A huge blast killed former Lebanese Prime Minister Rafiq Hariri and at least nine other people today. Some observers believe that the blast may have shattered the relative quiet that descended on Lebanon with the end of its bloody civil war in 1990.

Washington, 14 February 2005 (RFE/RL) -- Observers of Middle East politics say unrest has abruptly returned with today's bombing in Beirut with the violent death of the man who helped rebuild it.

Whoever is responsible has ushered a new instability in Lebanon in the run-up to parliamentary elections in May, according to Michael Glackin, the managing editor of "The Daily Star," an English-language newspaper in Beirut.

"Certainly, it [Hariri's death] has created a massive vacuum in Lebanese politics because he was internationally well-known, internationally respected as somebody who was a billionaire and as a politician," Glackin said.

Glackin pointed out that in his first two terms as prime minister during the 1990s, Hariri had once cooperated with Syria, which has had great influence over Lebanon's internal politics since the end of the civil war and still has 15,000 troops in the country.

But more recently, Glackin said, Hariri has called for Syria to withdraw its forces and end its involvement in Lebanese affairs.

Murhaf Jouejati agrees that Hariri's death leaves a political vacuum. Jouejati is a senior analyst at the Middle East Institute, a private policy research center in Washington. He said that in Hariri's absence, there can only be more unrest in Lebanon.

"I believe in the next few weeks we may see some more of this type of thing," he said. "There is a lot of tension in Lebanon, and that tension has escalated into harsh rhetoric by either side -- the opposition or the government -- and these escalations have let to this [bombing]. So I think the days ahead for Lebanon are going to be difficult ones."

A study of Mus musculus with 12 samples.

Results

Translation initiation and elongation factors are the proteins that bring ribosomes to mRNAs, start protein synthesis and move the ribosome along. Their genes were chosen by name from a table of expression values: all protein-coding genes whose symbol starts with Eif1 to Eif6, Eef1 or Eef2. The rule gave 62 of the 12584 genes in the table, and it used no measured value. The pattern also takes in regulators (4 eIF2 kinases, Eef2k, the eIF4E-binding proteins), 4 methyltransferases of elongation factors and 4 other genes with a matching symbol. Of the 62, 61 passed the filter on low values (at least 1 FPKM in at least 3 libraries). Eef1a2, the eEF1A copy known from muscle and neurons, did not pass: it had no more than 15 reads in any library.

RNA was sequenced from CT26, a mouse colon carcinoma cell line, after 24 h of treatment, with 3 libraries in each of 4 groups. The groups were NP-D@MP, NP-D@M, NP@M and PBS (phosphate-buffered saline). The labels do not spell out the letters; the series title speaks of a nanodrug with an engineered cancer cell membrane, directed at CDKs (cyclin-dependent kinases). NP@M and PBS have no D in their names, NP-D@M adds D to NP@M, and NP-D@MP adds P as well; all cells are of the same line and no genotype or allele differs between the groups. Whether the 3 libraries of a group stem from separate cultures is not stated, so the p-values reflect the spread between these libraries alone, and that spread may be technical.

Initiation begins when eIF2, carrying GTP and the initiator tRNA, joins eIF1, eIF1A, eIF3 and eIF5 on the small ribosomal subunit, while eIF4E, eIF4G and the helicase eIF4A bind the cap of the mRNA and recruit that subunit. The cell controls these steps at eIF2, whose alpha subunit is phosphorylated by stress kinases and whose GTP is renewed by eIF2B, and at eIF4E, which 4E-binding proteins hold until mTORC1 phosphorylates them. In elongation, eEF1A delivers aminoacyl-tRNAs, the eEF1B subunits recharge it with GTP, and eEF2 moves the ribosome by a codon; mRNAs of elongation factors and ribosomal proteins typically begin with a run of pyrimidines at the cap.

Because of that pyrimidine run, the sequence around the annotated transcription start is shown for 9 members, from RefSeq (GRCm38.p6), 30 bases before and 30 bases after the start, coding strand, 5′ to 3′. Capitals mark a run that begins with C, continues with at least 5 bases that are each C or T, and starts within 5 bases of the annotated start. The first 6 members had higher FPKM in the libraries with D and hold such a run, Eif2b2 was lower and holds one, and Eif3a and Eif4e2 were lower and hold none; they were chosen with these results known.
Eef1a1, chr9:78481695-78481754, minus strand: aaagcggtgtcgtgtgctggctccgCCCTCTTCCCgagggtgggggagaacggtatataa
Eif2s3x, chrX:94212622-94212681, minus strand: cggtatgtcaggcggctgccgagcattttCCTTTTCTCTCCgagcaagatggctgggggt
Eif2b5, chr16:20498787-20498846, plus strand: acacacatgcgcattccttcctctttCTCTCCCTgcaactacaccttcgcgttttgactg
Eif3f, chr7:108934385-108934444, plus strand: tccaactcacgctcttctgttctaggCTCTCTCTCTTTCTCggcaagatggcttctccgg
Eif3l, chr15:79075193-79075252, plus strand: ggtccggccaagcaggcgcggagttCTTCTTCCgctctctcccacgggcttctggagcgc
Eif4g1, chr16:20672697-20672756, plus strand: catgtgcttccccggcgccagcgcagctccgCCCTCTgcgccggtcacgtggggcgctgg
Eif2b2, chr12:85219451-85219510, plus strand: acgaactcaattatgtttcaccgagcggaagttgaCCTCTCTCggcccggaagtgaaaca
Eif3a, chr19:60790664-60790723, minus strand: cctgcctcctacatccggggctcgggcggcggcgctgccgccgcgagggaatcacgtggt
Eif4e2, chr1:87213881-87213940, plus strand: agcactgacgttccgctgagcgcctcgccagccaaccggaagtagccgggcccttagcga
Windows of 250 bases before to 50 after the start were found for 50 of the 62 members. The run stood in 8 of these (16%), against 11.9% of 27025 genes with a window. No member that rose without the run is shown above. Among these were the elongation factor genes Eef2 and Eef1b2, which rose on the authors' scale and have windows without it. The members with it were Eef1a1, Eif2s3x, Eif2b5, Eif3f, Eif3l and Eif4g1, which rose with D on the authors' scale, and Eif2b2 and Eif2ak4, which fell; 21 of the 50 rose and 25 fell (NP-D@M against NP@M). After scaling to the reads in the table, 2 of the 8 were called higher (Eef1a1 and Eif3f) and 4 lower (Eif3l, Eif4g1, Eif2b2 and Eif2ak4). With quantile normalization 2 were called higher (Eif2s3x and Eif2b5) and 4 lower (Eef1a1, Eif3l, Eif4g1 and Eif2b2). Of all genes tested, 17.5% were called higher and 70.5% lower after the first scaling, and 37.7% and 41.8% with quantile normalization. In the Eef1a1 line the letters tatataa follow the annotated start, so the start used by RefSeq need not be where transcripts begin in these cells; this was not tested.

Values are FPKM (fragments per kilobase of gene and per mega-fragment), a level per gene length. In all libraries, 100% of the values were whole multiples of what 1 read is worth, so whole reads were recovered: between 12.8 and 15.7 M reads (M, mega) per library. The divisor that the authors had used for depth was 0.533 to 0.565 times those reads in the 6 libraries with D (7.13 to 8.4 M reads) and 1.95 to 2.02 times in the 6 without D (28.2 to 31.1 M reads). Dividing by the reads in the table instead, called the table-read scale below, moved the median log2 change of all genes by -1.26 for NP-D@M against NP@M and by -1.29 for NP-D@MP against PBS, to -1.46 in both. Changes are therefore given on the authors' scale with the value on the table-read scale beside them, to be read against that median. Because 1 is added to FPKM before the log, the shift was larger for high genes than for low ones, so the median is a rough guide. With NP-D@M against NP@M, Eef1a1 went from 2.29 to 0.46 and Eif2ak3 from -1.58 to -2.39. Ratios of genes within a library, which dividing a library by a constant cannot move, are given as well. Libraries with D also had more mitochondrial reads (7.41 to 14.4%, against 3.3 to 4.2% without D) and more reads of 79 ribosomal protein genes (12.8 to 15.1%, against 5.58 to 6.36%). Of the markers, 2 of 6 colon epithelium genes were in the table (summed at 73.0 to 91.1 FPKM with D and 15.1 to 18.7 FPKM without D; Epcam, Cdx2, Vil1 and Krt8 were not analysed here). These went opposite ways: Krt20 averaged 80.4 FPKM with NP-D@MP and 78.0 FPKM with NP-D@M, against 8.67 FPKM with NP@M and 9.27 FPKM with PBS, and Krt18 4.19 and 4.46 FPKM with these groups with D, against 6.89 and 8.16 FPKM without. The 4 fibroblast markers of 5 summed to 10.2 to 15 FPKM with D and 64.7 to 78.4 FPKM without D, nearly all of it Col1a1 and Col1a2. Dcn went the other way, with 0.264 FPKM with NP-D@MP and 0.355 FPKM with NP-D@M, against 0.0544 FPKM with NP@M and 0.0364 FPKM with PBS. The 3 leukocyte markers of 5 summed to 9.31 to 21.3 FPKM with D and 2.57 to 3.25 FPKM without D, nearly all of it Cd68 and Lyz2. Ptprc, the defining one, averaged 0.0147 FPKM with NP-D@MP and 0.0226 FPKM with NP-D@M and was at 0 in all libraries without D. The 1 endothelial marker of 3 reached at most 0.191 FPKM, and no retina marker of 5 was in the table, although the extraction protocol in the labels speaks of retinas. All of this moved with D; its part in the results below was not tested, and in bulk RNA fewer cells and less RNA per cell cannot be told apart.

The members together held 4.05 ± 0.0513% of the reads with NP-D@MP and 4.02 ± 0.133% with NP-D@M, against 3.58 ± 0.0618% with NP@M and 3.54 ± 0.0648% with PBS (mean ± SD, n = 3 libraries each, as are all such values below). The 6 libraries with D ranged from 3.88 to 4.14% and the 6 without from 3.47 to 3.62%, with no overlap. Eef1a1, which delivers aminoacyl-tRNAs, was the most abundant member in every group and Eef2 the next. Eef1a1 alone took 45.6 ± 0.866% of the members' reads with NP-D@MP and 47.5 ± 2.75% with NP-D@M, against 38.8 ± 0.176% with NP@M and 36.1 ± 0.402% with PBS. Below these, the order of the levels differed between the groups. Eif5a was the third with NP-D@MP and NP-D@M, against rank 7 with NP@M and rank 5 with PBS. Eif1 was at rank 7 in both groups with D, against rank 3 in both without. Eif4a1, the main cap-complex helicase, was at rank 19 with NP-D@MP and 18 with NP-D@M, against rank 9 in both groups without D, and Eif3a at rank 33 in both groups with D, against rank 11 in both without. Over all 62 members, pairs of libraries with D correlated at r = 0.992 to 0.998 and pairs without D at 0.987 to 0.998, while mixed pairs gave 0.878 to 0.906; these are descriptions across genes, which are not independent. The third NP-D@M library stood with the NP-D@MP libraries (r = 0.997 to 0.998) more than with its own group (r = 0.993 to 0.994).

Jouejati said the bombing sends a very bleak message to everyone in Lebanon, not just Hariri's political allies.

"I think all of the Lebanese should fear, not only those who have lost their representative, Rafiq al-Hariri. The message is: Either someone internally, domestically in Lebanon, or internationally wants to destabilize Lebanon to make the situation more complicated. And so this is t-h-e time, really, when the Lebanese really have to be united in the face of an obviously adverse situation to them," Jouejati said.

Asked who benefits from removing Hariri from the political scene, Jouejati responded that there is a long list of people wanting to disrupt Lebanon's democracy. He pointed out that a Druze rival of Hariri recently escaped assassination.

Jouejati said there are now many who vehemently oppose Hariri, and there are just as many who vehemently oppose Syria's military presence in Lebanon.

But today's bombing probably does n-o-t foreshadows a resumption of Lebanon's civil war, according to Nathan Brown, who specializes in Middle Eastern politics at the Carnegie Endowment for International Peace, another Washington think tank.

Brown told RFE/RL that the past 15 years of relative quiet have not been merely an extended cease-fire.

"There's a very changed cast of characters from 30 years ago. On top of that, there are different issues. [The] Palestinian issue was an issue then. It's much less of one now, certainly not in the same way. The Syrian presence [in Lebanon] itself was an effect of the earlier civil war. Now, if anything, it's very much at issue," Brown said.

Brown pointed out that one catalyst for the civil war that began in the 1970s was the presence of huge Palestinian refugee camps in southern Lebanon, and Israel's invasion to confront militants operating from those camps.

Now, Brown said, the chief political debate in Lebanon concerns Syria's political influence, and the presence of its troops. This debate has intensified in recent months after the United Nations Security Council passed a resolution calling for their withdrawal.

"Over the last year or so, there's been an increasingly open debate in Lebanon about the Syrian presence in a way that the country hasn't seen for a long time. That is a heated debate, it's [a] very, very sensitive debate, but we don't seem to be at the point at which that debate would erupt into total civil war," Brown said.

In part, Brown said, it has been Syria's involvement in its neighbor's politics -- and the presence of Syrian troops there -- that have contributed to Lebanon's stability over the past 15 years. Whether Syria can still keep the peace after Hariri's death, he said, is anyone's guess.

For more on the regional implications of events in Lebanon, see "Implications Of New International Consensus On Lebanon" in "RFE/RL Iran Report".